Bionic Eyes: Vision Into The Future

Feb 7, 2016 By Pranav Satish
Pranav Satish's picture

A huge breakthrough in the previously untreatable phenomenon of blindness has taken place recently.

Scientists at the John Radcliffe Hospital in Oxford are undergoing a clinical trial to test the newfound ‘bionic eye’ implant to try and rekindle sight in six brave patients.

Rhian Lewis, 49, received the bionic eye after being diagnosed with retinitis pigmentosa as a toddler. This degenerative disease destroys the light-sensitive cells in the retina as the patient ages, making the victim completely blind in just a matter of time.

The disease is rare, with approximately 1 in 34,000 people diagnosed in the UK. Rhian described the feeling as ‘Christmas Day’ upon regaining her ability to read a clock after decades of almost total blindness.

The Technology

The technology behind the treatment is like something from a science fiction movie. A tiny chip, about 3x3 mm, is implanted into Rhian’s right eye, which is then connected to a computer that sits underneath her ear just below the surface of the skin.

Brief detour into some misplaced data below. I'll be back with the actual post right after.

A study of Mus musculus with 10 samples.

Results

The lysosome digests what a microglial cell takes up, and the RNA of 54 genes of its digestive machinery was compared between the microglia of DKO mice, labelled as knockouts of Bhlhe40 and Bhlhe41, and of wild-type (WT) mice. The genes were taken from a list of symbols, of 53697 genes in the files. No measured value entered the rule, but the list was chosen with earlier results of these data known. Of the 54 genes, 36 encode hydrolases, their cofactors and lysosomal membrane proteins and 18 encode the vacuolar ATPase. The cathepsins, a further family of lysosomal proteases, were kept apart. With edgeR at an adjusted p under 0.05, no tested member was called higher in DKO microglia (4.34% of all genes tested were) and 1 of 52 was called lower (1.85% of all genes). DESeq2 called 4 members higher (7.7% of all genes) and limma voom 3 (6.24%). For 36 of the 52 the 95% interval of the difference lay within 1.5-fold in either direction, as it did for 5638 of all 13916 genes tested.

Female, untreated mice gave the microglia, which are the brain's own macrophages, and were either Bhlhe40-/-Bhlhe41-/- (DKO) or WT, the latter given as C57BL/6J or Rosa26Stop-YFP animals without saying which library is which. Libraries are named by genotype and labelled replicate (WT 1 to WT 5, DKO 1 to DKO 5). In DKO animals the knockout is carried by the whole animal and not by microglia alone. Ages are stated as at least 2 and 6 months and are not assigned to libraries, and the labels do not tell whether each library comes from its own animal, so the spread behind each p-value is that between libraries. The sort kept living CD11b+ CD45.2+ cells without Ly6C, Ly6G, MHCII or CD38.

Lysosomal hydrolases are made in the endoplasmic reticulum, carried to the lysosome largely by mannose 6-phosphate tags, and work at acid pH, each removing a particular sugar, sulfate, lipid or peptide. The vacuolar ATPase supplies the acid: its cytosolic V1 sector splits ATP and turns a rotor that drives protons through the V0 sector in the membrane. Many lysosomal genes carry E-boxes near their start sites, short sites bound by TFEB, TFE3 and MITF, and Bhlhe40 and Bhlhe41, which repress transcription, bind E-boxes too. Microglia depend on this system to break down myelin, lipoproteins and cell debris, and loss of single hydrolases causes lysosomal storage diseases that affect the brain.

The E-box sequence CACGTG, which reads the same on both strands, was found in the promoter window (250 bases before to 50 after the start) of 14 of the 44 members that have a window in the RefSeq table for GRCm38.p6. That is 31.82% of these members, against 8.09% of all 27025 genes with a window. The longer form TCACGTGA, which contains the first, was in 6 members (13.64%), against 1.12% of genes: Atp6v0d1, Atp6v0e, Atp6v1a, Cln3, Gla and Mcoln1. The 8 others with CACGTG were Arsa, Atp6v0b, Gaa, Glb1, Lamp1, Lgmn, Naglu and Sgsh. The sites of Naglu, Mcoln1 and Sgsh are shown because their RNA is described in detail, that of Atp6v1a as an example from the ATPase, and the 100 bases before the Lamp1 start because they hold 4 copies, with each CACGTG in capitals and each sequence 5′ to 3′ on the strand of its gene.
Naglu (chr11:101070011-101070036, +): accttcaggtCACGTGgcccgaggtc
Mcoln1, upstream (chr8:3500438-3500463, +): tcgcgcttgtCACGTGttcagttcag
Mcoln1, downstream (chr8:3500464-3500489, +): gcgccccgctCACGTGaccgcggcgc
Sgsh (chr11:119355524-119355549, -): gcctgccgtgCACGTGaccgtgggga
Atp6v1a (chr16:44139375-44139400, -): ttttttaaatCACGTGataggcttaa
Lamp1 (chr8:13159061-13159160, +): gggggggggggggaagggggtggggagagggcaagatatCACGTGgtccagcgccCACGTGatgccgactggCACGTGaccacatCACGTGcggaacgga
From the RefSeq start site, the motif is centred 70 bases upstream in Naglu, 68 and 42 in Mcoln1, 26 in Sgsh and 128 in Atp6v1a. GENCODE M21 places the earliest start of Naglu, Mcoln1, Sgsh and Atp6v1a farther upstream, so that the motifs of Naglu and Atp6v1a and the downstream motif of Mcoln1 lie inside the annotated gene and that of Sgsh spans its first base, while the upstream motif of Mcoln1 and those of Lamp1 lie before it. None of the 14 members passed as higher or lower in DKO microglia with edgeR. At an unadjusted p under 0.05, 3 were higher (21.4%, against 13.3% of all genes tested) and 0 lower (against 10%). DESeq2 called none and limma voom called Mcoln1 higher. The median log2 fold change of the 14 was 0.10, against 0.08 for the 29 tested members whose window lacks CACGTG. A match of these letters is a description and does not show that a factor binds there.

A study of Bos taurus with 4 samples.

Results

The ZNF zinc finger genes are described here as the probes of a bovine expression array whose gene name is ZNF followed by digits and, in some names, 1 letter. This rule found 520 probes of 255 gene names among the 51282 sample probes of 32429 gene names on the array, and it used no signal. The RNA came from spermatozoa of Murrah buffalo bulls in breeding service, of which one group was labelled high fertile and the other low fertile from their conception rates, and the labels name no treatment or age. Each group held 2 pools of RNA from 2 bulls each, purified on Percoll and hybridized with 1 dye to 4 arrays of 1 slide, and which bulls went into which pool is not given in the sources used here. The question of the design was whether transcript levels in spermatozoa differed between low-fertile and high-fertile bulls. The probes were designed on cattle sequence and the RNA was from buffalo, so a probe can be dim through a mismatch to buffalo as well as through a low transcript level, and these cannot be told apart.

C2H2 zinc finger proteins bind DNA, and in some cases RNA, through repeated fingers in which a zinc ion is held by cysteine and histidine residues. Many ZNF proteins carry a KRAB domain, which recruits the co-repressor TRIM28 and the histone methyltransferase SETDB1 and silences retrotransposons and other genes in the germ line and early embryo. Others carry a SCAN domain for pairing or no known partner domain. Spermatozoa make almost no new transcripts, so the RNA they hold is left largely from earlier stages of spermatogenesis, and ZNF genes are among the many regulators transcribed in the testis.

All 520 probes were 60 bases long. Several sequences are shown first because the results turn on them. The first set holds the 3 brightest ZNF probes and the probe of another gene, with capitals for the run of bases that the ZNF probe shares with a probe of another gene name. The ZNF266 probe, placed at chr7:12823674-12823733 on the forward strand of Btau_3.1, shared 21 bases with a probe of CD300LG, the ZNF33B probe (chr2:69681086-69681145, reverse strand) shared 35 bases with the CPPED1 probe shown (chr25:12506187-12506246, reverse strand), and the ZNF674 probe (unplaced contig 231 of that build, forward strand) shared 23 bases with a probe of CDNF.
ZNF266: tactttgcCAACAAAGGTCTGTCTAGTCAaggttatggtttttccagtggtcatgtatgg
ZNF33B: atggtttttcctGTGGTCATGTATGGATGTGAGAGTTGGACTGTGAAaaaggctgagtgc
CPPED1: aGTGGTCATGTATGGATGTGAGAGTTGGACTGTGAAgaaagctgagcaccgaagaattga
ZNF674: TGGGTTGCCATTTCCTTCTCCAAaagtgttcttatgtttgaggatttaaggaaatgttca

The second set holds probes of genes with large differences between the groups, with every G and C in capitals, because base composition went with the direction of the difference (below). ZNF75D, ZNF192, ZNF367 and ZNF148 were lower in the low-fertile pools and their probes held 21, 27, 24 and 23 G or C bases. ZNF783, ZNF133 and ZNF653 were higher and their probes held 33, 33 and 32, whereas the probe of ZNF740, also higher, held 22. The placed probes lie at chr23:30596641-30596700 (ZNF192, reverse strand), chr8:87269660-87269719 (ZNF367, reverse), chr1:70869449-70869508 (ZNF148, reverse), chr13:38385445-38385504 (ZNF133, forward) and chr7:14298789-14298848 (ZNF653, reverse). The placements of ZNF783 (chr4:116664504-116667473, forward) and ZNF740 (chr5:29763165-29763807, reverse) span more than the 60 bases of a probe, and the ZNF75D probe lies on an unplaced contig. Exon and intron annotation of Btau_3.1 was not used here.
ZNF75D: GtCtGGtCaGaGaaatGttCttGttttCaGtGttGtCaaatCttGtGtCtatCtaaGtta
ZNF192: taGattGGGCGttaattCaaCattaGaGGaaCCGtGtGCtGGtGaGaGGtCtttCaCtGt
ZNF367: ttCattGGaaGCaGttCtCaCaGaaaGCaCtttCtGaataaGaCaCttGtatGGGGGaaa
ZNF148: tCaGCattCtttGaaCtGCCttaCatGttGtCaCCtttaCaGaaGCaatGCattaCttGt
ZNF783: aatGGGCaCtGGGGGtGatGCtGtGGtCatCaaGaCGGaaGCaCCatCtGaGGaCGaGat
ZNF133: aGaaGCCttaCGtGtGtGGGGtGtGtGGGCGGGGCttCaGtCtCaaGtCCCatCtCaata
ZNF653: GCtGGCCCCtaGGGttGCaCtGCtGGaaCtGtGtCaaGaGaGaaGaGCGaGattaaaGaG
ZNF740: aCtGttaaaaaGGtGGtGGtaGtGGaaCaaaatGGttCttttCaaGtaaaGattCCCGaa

When the device is turned on, signals are sent through the optic nerve and into the brain where these signals are processed. The ‘wiring’ inside Rhian’s brain is still intact but had not been used in so many years, meaning that she had to relearn how to process the images she could now receive! In other words, she had to learn how to see again.

The technology isn’t perfect. She initially sees flashes of light, as her brain is unable to process the signals. But in due course, these electrical impulses form shapes that can be modified using a handheld device that can adjust the contrast and frequency of the implant, like a remote control for your vision. The images are of poor quality but are completely life-changing for a blind patient who previously has hardly been mobile without assistance.

A Miracle For The Visually Impaired

Rhian had not been able to conduct simple tasks like climbing stairs for 6 years. With the implant, she was able to tell the time -- something that seems like a menial task for us is a miracle for the blind. The words ‘oh my god’ came from her mouth as she recognized it was 3 o’clock. The whole experience just puts into perspective the hardship that blind people go through every day over things we take for granted.

With almost 300 million people worldwide who are significantly impaired, this path-breaking treatment has huge potential to become a worldwide phenomenon. Improvements in the technology could herald an affordable, accessible cure for blindness.